The first time I heard about recycling, I was in about the fifth grade, and there was one kid in my class whose family sorted their trash. My teacher asked her how it worked and why they did it. I remember thinking that it sounded onerous and slightly gross.
However, at that time, you could get paid for your recyclables, so it wasn't long before my mother had me crushing cans at her office and toting them down to the recycling center with her. We started sorting trash at home, just like everyone else.
Well, everyone except my grandparents. They continued to throw all their trash away in a single trash can that got taken to the landfill once a week. I was appalled, and I laid into them about the vital importance of recycling. To this day, my grandmother still recycles.
The environmental movement has moved forward by leaps and bounds, but one thing remains the same. Schools still spend lots of time indoctrinating kids on environmental issues, and they still send kids home to win over their parents.
I saw this happen recently when I ate lunch at school with my favorite third-grader. As we ate our lunches, she told me about the Earth Day picnic planned for the following day. The kids had been encouraged to pack lunches such that they would throw nothing away. Being particularly astute, the kids already could see difficulties.
We examined the table in front of us and found all kinds of great sins. We had paper bags, paper napkins, and plastic forks. There were several plastic sandwich bags. I'm pretty sure I remember seeing a juice box. There was environmental carnage everywhere.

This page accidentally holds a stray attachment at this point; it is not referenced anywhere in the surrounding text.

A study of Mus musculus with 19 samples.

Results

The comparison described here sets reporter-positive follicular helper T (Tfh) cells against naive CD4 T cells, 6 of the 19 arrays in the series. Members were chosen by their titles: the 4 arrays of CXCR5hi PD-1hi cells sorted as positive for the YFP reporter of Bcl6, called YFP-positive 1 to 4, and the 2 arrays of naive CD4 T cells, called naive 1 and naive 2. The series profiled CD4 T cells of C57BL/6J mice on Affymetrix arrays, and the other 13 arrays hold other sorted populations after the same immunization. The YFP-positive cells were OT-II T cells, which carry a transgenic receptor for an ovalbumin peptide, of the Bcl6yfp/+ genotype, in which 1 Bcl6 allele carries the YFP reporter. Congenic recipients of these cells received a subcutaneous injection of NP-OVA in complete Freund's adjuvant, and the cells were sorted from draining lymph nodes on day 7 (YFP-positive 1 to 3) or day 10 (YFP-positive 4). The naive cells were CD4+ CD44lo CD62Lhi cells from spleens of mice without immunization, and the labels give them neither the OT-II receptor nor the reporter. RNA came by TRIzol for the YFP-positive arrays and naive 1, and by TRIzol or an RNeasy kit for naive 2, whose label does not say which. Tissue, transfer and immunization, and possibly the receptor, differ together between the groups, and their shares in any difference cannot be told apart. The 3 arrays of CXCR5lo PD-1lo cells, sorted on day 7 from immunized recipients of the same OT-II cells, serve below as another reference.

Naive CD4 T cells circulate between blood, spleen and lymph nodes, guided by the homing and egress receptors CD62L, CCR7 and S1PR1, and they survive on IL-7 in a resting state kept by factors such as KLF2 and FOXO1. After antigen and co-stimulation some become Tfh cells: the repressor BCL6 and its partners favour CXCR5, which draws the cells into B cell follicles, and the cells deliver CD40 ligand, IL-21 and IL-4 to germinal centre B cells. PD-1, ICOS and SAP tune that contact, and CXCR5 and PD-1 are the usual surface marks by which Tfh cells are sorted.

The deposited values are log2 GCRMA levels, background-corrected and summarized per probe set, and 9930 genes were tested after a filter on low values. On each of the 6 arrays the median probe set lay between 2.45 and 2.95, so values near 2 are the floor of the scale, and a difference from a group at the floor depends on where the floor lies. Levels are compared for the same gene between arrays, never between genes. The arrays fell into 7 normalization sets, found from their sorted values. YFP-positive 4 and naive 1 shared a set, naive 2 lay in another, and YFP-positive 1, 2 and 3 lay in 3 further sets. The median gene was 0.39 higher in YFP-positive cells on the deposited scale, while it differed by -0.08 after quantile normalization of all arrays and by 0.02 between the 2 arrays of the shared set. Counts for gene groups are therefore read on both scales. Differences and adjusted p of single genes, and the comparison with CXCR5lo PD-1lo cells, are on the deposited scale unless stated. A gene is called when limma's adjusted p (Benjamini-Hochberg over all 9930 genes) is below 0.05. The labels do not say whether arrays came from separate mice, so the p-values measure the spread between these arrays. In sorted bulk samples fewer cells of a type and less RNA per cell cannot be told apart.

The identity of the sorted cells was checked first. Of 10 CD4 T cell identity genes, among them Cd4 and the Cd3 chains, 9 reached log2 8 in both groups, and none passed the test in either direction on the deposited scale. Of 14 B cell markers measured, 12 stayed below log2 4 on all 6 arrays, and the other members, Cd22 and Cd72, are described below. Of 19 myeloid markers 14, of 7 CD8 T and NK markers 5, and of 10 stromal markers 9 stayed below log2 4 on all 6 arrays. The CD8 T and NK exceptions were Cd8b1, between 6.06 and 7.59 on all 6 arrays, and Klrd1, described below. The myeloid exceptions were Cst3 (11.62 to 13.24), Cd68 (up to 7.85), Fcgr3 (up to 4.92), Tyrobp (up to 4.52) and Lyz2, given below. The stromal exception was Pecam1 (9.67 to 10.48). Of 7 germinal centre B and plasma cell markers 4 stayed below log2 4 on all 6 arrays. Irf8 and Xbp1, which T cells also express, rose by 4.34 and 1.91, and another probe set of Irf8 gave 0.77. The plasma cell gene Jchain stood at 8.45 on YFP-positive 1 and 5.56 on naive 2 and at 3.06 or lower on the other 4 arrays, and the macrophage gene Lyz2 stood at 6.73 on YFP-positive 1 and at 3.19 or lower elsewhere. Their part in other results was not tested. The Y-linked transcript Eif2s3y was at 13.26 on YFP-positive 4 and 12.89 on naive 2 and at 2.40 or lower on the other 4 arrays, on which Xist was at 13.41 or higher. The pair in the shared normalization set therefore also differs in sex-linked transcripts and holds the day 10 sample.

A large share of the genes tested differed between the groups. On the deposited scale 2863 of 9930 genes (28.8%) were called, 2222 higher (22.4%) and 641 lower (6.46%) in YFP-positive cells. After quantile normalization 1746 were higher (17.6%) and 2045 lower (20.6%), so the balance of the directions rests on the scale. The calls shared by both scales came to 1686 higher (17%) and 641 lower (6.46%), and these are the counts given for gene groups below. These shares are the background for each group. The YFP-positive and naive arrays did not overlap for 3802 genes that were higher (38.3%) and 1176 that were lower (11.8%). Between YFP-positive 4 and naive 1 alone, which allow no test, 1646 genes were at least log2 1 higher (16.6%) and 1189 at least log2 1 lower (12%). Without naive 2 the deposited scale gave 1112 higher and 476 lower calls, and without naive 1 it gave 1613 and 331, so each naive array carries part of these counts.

The kids were convinced this was a problem. They were going to go home and reprimand their parents, insisting that they pack lunches in more environmentally friendly ways.
There are lots of things about all of this that concern me. Is it really worse to throw away a juice box than to buy a large bottle of juice (a plastic bottle that will have to be thrown away itself) and fill a reusable bottle that will go through the dishwasher, using water and energy and soap? I don't know.
What about hygiene? Plastic packaging does help keep food clean. Surely a real education would teach kids to think about trade-offs and the complicated nature of these issues rather than just feeding them a simplistic, "create no trash" message.
But there are far more fundamental issues that I find even more worrying.
First, I'm concerned about a school system that attempts to make kids into environmental zealots critical of their parents. The kids with whom I was eating lunch last week have good, responsible parents. They pack healthy lunches and make sure their kids get to bed on time. They are also busy, so for all sorts of reasons, fruit cups and juice boxes make sense for these families. I don't like that these kids are being fed the notion that they know better than the adults in their lives.
The other major problem I see is that the school seems to teach kids about the evils of sandwich bags very effectively, while demonstrating considerably less success with multiplication tables. It seems that fundamentals are being ignored so that schools can advance a political agenda. The fact that my 9-year-old buddy has to count on her fingers to figure out 6x5 is a problem, and it's one the school should be addressing.
My taxes pay her teachers to educate her in math and reading and history. They should do a better job with those things, and leave plastic bags and other decisions about lifestyle to parents.
Julie Gilstrap is research publications coordinator for the John Locke Foundation.